Review: After Watching Matt Damon’s ‘Elysium,’ You’ll Want to Register as a Republican

Review: After Watching Matt Damon’s ‘Elysium,’ You’ll Want to Register as a Republican August 9, 2013

Shhh….Don’t tell Matt Damon, but something went sideways and he made a conservative manifesto in Elysium. 

It’s pretty much a warning about what will happen to Earth if socialism wins.

Elysium takes place in the near future, after the entire earth suffers under the kind of economic meltdown threatening some of our great cities now. It’s dusty. It’s dirty. It’s unkept. No one has families or cars decent homes or fresh clothes or, apparently, showers. Jobs are dreary and dangerous and unsatisfying, if you can find them at all.

Future Los Angeles. Behold the power of socialism!

Basically, it’s Detroit.

Total economic meltdown. Here is a partial list of places where this sort of systematic economic failure has happened or looms:  Detroit.  California. Illinois. The Soviet Union. Cuba. Greece. Spain.

Not, say, Texas or Virginia.

In this fantasy dystopian future,  as in socialist Greece, Spain, and Detroit, the wealthy do fine.

The ultimate white flight has taken place to a distant low-orbit suburb. Those with the means to do so have moved on up to a deluxe space-age apartment in the sky.

Elysium. The Promised Land.

Wouldn’t you? If you could? After all, Elysium has trees, lakes, clean air, and effective hair care products.

I hear even Matt Damon doesn’t live in Compton.

So I’m assuming it was socialist policies that brought the earth to its dystopian future. The elite have done their damage and left. Fair, based on the historical evidence, right?

But wait..there’s more. The rich people of Elysium have something more: Magic.

It’s presented as science, but it’s really magic. They have medical beds which will fix any ailment.  Leukemia? No problem.  A face torn off by a grenade? Please. A persistent pimple? Step on up.

The sufferer lays down on a sort of futuristic tanning bed, and — abracadabra — it’s all fixed by a wave of the machine’s pseudo scientific wand. For free!

Naturally, Elysium-ites would kill rather than share these magic machines with the stinky riff-raff below them.

Because they’re mean.

Matt Damon is Max, an orphan of Earth whose poverty has not ruined his good looks. The Man, in the form of police droids, keeps keepin’ him down, but Max keeps on keepin’ on.

That is, until an industrial accident in his heartless factory sentences him to a nasty death. Dismissed without so much as a thank you, he hatches a plan to break into orbit and heal himself.

As you can imagine, his plan meets resistance by those who would rather lose a highly trained and reliable worker than give him a ride on the costless healing machine.

Because they’re mean.

And have no concept of economics.

This resistance leads to several gruesome battles to the death, lots of staggering about half-dead dripping blood, and an icky medical procedure that is not AMA approved. All this violence earns the film an R rating. It’s studded with profanity but devoid of sexuality. Apparently their lives are too dreary, desperate, and poverty-stricken to enjoy the pleasures of sex.

It features that strobe-light, screechy-sound, gritty, gory, intense violence that some love. If you like that style (I usually don’t), it’s well done. My husband loved it.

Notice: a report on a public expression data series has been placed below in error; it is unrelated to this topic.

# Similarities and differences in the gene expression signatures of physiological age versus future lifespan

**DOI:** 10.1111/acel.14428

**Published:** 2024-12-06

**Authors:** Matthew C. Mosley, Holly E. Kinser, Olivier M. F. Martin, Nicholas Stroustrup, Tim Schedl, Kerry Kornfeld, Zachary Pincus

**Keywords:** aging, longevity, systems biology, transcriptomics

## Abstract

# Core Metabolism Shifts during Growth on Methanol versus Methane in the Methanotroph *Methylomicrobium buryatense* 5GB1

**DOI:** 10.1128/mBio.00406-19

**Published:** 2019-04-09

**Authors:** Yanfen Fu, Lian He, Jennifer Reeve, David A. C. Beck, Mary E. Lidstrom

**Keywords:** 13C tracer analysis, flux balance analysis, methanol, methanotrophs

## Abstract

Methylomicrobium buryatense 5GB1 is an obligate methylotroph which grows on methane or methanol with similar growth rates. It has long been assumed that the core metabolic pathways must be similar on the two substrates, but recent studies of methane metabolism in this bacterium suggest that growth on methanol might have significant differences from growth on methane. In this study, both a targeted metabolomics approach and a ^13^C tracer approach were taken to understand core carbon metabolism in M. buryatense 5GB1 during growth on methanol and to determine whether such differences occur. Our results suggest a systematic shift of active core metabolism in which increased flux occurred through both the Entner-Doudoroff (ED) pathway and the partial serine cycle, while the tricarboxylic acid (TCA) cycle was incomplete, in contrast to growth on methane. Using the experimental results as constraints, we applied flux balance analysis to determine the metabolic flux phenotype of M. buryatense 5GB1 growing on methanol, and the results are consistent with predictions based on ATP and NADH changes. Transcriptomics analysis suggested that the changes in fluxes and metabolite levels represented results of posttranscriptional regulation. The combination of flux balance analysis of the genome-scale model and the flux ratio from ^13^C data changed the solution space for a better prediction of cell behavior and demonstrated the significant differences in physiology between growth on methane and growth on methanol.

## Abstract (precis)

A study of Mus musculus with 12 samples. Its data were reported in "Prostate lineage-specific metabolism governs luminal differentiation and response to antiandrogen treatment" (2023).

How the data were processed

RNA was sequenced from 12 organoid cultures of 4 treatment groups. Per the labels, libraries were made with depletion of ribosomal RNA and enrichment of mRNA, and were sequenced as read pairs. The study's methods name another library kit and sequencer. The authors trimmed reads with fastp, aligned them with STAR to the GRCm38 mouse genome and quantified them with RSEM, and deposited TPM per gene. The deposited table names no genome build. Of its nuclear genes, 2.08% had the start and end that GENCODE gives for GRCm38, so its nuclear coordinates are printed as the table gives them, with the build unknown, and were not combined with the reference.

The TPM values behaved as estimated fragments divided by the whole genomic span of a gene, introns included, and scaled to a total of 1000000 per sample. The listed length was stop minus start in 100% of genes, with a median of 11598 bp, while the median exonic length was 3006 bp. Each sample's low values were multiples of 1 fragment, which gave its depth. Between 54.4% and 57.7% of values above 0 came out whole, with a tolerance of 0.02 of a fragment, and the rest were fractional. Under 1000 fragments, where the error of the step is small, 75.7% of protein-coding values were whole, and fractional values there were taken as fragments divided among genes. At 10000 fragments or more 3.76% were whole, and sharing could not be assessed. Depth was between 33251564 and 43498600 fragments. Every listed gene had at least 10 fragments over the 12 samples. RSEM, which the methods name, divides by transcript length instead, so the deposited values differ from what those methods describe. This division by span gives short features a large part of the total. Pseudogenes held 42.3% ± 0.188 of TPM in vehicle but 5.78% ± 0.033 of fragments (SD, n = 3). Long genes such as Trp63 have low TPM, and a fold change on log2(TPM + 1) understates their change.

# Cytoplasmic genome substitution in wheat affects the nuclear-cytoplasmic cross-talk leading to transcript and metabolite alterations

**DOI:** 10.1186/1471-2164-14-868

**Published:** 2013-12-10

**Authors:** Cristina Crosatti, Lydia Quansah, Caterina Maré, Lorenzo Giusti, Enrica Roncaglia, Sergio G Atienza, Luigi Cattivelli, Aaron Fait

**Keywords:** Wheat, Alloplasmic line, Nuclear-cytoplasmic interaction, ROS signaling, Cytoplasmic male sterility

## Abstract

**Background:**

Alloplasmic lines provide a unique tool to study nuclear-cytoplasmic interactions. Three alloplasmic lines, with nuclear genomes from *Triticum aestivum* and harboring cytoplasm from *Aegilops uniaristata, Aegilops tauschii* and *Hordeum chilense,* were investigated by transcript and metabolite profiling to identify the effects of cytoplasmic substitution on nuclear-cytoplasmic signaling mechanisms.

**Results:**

Let’s just say gun control is not an issue in this particular liberal world.

Damon, always a fine actor, does a decent job as wounded anti-hero Max but Jodie Foster is wasted as a one-dimensional power-hungry security honcho. In fact, this film suffers from a black and white one-dimensionality that leaves all the characters flat and unrelatable.

Director Neil Blomkamp, who also wrote the script, hails originally from South Africa. His fantastic 2009 film District 9 and Elysium are very much him working through issues related to South African oppression and apartheid. People trying to fit his movies into an American frame of reference will find it doesn’t exactly fit.

But as it’s the only frame of reference we have, we will try.

Here goes: The movie is subversively conservative.

You see, the teeming masses of Earth are desperate for one thing: to physically get to Elysium. They cannot think of any way to solve their problems other than physically inhabiting the glorious mansions with their magic medical tanning booths.

In fact, the only person with any enterprise in the entire movie, from Elysium or Earth, the only one who actually produces a something of value, presumably to sell, is a random woman with a cart full of pigs. She seems to be doing fine.

The rest of the populace sits around planning minor heists and gambling in the  streets. They are victims, and only victims, never taking a step toward their own futures.

They stare at the great habitat in the sky in helpless longing. It is all they are capable of.

Once again, liberals secretly despise the people for whom they say they are fighting. Those people could never build a society worth living in. Those people can only be rescued through redistributing other people’s stuff. Those people are incapable of helping themselves.

And when they do – SPOILER – finally overrun Elysium, the watcher squirms, knowing that Elysium, which is roughly the size of New York City, cannot possibly contain all of the huddled masses of the entire earth. Its wealth will be distributed and then will be gone like a whiff of air.

Nobody wins.

Memo to Matt Damon, et al: The only way to lasting prosperity is to create production, not to take something. Because once you take what you take, it is gone and there is nothing to replace it.

It’s enough to make one run out and change voter registration. Or start a small business.

Thanks, Matt Damon, for the morality play showing us EXACTLY what we don’t want.

Update: Here’s how the movie actually pays tribute to George W. Bush. For realsies.